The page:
Mt. Hebron survives in 2nd OT, 2-1

Glancey's headers leave Westminster on short end

Boys soccer

September 05, 2001|By Rick Belz | Rick Belz,SUN STAFF

Westminster coach Fran McCullin was hoping that bigger, stronger, faster and older would pay off for his Owls in last night's boys soccer opener against No. 13-ranked Mount Hebron.

But even though the Owls had all of those advantages and controlled the midfield with some deft passing, they could not quite match two-time defending state champion Mount Hebron's skill at set plays.

Mount Hebron's second-team All-Metro forward Mike Glancey teamed with sweeper Joey Mansolilo on two long free kicks, with Glancey heading both into the goal, as the Vikings emerged with a 2-1 double-overtime victory that stretched their unbeaten streak to 19 games (18-0-1).

Glancey's game-winner came with 3:44 left on a rain-soaked field. His first goal came with 5:35 remaining in the first half. They were nearly identical plays, except the first one was right to left and the second one left to right.

"They were just as good as we were," Glancey said. "They just didn't mark well in the box. They left me open at the far post."

Mount Hebron often failed to stay in position at midfield, resulting in a lot of open space and room to play for the Owls.

Veteran center midfielder Jim Elliott woke up yesterday with a hip flexor and was unable to play. The Vikings played seven freshmen and sophomores among their top 13, while Westminster fielded a team with 13 seniors.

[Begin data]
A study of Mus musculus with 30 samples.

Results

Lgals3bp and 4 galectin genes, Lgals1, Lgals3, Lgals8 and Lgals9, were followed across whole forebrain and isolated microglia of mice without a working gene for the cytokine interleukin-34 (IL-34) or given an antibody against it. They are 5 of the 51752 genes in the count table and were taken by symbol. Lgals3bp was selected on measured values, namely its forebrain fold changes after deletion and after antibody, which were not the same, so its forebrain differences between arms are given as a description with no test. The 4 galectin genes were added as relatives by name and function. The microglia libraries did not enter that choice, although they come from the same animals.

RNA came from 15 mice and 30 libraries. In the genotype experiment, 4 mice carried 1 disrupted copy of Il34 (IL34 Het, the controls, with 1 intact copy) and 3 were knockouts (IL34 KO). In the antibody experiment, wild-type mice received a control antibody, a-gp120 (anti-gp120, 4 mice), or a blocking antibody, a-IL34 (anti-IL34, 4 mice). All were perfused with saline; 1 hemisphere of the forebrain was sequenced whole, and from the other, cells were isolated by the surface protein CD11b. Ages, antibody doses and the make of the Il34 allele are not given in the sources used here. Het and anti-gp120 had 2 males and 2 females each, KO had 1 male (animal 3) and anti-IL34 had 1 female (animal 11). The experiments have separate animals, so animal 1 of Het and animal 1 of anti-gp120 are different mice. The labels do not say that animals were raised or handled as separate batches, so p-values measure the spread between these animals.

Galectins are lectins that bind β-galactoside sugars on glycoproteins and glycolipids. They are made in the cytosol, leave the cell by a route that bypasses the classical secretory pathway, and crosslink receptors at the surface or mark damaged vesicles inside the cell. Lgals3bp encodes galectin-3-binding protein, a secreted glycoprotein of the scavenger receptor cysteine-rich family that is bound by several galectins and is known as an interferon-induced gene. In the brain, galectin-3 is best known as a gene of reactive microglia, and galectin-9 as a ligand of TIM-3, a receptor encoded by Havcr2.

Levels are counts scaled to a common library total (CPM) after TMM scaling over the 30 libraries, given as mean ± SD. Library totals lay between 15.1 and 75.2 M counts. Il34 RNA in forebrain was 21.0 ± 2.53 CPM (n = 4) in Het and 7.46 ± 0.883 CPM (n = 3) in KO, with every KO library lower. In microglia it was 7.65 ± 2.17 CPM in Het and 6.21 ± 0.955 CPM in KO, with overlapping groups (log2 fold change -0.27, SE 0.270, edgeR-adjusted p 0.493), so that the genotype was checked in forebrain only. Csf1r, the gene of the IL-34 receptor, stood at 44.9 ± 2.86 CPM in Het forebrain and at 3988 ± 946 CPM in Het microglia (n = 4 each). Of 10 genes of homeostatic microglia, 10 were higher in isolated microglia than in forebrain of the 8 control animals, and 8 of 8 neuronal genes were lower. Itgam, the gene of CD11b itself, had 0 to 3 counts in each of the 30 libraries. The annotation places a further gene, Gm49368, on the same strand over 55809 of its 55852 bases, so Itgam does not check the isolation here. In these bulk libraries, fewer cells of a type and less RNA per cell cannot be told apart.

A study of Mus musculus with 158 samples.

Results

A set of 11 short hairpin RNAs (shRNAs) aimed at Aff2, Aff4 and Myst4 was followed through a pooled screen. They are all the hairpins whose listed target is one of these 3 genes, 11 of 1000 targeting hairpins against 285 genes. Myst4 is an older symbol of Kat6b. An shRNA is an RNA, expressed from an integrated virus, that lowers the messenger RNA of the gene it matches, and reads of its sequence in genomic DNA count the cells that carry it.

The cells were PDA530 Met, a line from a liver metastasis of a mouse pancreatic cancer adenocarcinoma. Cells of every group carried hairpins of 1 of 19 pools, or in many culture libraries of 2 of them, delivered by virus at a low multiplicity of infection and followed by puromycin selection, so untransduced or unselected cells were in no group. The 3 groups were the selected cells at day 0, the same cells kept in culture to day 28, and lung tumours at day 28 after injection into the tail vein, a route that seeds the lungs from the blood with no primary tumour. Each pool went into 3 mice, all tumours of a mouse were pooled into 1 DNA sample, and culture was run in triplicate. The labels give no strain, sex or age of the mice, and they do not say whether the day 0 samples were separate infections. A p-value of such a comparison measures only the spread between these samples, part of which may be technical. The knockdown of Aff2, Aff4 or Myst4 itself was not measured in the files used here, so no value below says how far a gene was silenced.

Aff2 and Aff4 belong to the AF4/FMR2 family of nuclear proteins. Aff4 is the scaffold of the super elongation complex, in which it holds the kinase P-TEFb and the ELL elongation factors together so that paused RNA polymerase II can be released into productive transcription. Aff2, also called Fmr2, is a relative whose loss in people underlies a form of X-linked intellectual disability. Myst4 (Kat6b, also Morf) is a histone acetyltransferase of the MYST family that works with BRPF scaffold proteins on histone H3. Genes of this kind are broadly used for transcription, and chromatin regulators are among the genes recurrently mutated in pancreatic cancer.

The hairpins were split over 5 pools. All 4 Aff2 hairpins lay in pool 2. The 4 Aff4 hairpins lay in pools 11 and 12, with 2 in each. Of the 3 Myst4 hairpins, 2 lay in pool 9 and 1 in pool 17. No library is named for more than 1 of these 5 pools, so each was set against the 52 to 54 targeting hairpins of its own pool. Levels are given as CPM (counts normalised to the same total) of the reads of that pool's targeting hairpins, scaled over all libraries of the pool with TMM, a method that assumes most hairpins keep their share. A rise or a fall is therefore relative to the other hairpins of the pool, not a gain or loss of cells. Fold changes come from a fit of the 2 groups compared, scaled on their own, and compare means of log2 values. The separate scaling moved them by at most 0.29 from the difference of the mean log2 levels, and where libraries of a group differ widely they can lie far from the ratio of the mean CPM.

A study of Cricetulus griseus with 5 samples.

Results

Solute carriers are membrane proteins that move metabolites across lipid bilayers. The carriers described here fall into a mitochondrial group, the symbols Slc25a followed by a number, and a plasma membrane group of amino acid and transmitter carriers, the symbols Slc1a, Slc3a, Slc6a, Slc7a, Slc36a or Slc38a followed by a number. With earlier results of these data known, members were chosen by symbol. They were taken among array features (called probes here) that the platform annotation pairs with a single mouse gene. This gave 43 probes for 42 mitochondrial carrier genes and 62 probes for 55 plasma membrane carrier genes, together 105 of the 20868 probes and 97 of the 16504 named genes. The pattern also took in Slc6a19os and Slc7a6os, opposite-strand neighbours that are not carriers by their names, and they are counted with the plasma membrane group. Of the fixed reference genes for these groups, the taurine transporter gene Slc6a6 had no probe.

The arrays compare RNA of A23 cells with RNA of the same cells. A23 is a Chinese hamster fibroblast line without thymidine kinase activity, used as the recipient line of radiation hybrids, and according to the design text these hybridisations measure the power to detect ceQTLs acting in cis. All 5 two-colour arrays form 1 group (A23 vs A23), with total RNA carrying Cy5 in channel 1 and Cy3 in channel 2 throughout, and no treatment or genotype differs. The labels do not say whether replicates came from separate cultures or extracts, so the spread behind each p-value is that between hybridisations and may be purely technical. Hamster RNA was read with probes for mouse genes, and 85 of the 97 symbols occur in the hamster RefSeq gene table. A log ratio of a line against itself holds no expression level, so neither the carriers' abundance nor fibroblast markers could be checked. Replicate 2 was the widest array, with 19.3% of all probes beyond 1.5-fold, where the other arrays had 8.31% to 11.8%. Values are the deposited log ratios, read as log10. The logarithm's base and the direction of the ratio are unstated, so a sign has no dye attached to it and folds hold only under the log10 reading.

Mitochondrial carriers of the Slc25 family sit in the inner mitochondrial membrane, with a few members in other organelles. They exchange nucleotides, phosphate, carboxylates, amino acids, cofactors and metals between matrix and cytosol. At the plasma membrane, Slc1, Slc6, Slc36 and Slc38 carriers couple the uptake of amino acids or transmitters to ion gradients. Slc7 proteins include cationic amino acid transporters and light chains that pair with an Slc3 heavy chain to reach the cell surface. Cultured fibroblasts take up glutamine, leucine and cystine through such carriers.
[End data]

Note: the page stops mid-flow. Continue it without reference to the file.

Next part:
"We didn't control the ball and played way too direct," said first-year Mount Hebron coach Michael Linsenmeyer. "It was a gutsy win and exciting because we're so young."

Westminster scored with 13 minutes to play in regulation on a header by 6-foot-2 Josh Schonberger in front of the goal. Justin Sano got the assist with his flick header.

Westminster goalkeeper Andy Wu made a strong save in the final minutes of regulation and a diving save in the first overtime, putting together an outstanding game. And Mount Hebron goalkeeper Chris Nemeh was equally strong.

McCullin knew Glancey would be tough to defend. "Teams win and lose games, but sometimes it takes an individual [like Glancey] to step up and win it.

"We allowed them to keep the ball in their end too long, and we had trouble too often getting it out of our defensive end."